Since I’m such a goddamn perfectionist, while also managing to be one of the laziest goddamn people I know, I knew motherhood would be…difficult for me. I figure what better way to deal with my mental anguish at not being the perfect Lorelai Gilmore-perfect mother (I realize that June Cleaver is the usual reference here, but she’s become Stepford-wife creepy in my brain, so no thanks) than by documenting all the things I beat myself up over, and posting them to the internet. No way this can go wrong. Nope. No way. No how.
When I went back to work – when the girls were seven weeks and six days old – everyone was so worried about me. How are you doing? Was it so hard to leave them? Did you cry? Were you upset? How did you get through the day? But honestly, for me, leaving them to go into the office for the day was – dare I say it? – easy. I knew they were with my mom, who is amazing and awesome with them. I was ready to leave the house – as much as I love and adore my little demon baby children, I was craving adult tasks and conversations and all that jazz. I NEEDED to get out of the house, and I knew that my babies were safe and taken care of and would be there when I got home. Plus I’m only working in the office 3 days a week, so I’m home with them more often that I’m not.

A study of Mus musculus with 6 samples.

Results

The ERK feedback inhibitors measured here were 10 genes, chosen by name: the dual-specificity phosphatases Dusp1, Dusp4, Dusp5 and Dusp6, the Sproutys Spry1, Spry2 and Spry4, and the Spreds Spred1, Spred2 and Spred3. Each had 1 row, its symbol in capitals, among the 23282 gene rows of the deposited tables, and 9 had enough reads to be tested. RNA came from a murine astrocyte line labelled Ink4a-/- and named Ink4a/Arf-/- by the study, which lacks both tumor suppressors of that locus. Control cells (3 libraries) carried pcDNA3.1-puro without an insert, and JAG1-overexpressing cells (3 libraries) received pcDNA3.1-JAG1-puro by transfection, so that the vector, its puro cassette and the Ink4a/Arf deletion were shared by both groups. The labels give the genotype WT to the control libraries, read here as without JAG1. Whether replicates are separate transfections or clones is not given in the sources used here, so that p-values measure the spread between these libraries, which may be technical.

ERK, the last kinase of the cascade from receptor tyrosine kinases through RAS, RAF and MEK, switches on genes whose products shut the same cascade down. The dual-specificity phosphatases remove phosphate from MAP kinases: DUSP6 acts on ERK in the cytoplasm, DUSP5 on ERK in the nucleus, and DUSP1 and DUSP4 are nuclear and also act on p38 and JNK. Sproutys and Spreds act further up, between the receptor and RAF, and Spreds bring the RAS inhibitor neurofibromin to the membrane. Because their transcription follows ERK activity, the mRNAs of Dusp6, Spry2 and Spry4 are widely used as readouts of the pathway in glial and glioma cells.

But that lack of guilt led to me questioning myself and a whole new subset of guilt – am I wrong for wanting to get out of the house and – effectively – away from my babies? Shouldn’t I be a puddle of teary messiness, worrying about what my babies are doing in my absence and fussing over whether or not they’re forgetting my face / voice / scent / whatever? Do I win the Worst Mother of All Time Award for being so incredibly blase about walking out the door while my babies slept in their boppys?
This is how it went in my mind – I need to work to make money for my babies, and to earn their health insurance (BB’s job currently doesn’t offer benefits – it’s something they’re discussing for the future, but not currently). We can’t do without my salary and my benefits, so I have to work, and we’re incredibly lucky that I’m able to work from home AT ALL (I’ll discuss that more another day, because I have A LOT of feelings about it) so leaving them three days a week allows me to take care of them on a practical / financial level as well as regain my sanity so I can take care of them more effectively when I’m home. So. BAM. Practicality for the win. Even when I’m feeling worried that I’m having the wrong feelings about motherhood and working and WORKING MOTHERHOOD, I know that I’m making the right – practical, financial – decision for my babies and my family and that reminds me why I don’t feel guilty about my choices.